Most organizations exist to sell something - a physical product, or some type of service, or a combination of the two. They spend tremendous amounts of time, energy, and resources creating these product/service offerings, perfecting them as far as it is possible, offering them for sale, identifying the target consumers for these offerings, and finally investing varying amounts of additional time, energy, and resources attempting to convince these consumers to make a purchase.
Sometimes it goes really easily for the provider - the product is new, even revolutionary, or it solves a problem in such a new, elegant, and powerful way that the product seems to sell itself. Think the original iPod, or later, the iPad. Or the product has an embedded, loyal, and rabid fan base just waiting to get the latest or newest version of the product. Think a new installment in a successful movie or video game franchise like Star Wars or even Angry Birds.
But for most products or services on offer, the customer needs some convincing - they have time, flexibility, other competitors' options to consider - the 'sale' is certainly not assured, and the difference between winning and losing often comes down to which not (only) has the better product, but which one actually understands the customer's problem more deeply, and can speak more precisely and convincingly about how their solution can solve that specific problem.
I know that sounds really, really obvious and basic, but I think that all too often providers can lost sight of that simple truism - focused too much, and sometimes single-mindedly on the product or service itself, and not how that product or service would actually exist in the customer's environment. Adding one more feature to the product, tweaking some minor element of the service package, or poring endlessly on ad copy, website design, or the 'tone' of the company Twitter account. When the customer has lots of options and choices, these incremental additions or improvements probably do less to sway decision makers than the providers like to think. Once the 'essential' or expected capabilities or services are present, and in a mature market they usually are, the provider that can connect, almost on an emotional level with the customer has the best chance of winning.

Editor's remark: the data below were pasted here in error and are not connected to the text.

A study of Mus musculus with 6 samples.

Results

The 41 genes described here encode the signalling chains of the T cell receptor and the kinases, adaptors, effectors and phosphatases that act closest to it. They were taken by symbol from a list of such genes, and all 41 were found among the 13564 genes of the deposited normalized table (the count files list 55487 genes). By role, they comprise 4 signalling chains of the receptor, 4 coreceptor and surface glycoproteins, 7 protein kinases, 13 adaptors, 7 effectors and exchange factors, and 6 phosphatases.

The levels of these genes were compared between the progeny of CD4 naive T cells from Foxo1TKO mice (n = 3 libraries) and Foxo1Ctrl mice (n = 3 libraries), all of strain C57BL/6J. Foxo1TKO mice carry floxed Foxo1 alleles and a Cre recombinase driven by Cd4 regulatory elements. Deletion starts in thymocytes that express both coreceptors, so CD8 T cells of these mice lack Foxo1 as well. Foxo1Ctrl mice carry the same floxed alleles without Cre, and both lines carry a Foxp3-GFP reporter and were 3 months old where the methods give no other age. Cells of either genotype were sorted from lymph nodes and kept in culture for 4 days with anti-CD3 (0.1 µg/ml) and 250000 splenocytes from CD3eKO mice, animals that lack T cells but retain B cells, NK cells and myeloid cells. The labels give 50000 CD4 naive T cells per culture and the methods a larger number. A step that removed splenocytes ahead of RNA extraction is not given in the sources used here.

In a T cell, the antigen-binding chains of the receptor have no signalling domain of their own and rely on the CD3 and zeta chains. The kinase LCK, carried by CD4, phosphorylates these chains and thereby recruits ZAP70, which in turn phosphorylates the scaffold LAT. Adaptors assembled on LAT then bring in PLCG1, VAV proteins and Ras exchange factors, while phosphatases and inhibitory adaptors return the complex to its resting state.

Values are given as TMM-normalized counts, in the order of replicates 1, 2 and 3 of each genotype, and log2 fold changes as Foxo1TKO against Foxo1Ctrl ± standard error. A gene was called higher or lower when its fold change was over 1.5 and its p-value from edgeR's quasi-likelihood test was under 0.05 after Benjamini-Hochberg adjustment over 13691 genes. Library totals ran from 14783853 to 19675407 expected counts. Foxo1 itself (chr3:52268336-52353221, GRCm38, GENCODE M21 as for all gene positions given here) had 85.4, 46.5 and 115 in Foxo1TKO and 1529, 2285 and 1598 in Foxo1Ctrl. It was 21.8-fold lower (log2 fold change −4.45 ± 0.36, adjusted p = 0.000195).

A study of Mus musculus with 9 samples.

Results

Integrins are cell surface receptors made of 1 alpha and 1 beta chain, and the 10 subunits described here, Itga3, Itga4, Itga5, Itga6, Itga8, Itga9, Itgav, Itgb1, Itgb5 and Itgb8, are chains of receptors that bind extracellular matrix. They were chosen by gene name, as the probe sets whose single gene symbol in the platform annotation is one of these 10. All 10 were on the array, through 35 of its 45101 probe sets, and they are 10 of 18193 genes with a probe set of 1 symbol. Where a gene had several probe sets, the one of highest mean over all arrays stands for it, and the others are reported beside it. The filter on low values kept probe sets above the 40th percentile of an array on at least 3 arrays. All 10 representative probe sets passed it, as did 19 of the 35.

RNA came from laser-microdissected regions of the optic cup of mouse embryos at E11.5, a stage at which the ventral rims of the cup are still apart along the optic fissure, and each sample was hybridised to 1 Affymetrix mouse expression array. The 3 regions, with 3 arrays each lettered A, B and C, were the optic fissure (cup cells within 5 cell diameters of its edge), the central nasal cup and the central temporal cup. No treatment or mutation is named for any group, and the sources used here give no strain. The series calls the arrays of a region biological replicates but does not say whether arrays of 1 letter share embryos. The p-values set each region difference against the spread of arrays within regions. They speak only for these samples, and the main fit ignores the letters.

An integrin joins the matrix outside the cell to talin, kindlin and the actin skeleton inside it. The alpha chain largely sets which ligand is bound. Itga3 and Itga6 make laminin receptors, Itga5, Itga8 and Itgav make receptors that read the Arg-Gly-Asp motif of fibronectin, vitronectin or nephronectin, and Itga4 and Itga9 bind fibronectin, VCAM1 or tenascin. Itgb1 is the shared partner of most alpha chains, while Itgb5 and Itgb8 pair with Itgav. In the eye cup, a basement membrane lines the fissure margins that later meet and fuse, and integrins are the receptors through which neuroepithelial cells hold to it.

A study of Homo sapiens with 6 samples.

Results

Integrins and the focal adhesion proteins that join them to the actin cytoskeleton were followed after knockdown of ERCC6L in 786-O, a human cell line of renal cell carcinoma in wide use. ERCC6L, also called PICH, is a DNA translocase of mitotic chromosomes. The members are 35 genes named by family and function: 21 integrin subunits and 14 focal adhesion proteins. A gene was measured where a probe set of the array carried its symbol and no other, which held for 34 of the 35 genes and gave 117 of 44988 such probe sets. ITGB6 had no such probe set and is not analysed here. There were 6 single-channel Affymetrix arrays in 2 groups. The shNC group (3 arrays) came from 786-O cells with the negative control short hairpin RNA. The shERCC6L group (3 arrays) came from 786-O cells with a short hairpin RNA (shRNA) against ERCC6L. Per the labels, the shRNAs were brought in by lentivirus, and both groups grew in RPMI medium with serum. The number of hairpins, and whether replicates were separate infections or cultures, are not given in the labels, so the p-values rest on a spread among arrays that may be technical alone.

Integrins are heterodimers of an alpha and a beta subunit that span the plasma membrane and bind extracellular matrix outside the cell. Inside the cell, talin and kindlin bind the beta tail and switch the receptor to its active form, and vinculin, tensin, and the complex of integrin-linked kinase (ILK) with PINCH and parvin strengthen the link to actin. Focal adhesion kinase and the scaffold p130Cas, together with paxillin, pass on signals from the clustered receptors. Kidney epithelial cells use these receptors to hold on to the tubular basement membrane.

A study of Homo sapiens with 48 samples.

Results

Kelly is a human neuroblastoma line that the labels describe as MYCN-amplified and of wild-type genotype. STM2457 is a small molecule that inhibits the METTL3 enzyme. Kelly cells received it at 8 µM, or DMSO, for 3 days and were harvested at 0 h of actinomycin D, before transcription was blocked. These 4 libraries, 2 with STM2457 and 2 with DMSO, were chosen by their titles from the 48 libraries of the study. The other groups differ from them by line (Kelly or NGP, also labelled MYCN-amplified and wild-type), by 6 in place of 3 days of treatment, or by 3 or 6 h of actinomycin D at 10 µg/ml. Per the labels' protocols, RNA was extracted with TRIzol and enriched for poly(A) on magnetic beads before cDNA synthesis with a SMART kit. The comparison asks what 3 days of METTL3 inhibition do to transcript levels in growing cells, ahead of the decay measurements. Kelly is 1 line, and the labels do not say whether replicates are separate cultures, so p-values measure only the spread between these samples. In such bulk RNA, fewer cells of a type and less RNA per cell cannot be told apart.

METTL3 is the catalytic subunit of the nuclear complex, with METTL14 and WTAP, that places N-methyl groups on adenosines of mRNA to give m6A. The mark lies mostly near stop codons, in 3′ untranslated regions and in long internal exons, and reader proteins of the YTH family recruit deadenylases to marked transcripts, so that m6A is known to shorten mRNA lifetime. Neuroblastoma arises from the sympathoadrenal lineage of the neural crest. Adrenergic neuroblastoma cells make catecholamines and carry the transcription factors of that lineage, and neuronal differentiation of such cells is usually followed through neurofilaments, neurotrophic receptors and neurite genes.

How can providers get better at making that kind of connection, and focus more on solving a problem rather than delivering a product?
This piece, about home furnishing provider IKEA's strategic approach offers at least one suggestion:
Göran Carstedt, president of IKEA North America, summoned his top executives to a large meeting room to share his strategic plan. They arrived prepared for a flashy PowerPoint presentation complete with charts and graphs. Instead, Carstedt told them a story about a mother. He depicted a detailed scene of her and her husband getting two kids off to school in the morning. She gets up, makes coffee, wakes up the children, makes breakfast, and so on. Then he paused and moved to the heart of the matter: “Our strategic plan is to make that family’s life easier by providing them with convenient and affordable household items in an accessible location. Period.
Carstedt, in short, wanted IKEA to enter the scene, to populate it with IKEA-supplied usefulness that customers would appreciate having in their homes as they conducted their daily lives. He wanted his executives, in effect, to write IKEA into their customers’ story in a way that improved the story for the characters that populated it. Brilliant! As Carmen Nobel, senior editor at Harvard Business School Working Knowledge, notes, “IKEA has made very clear choices about who they will be and to whom they will matter, and why."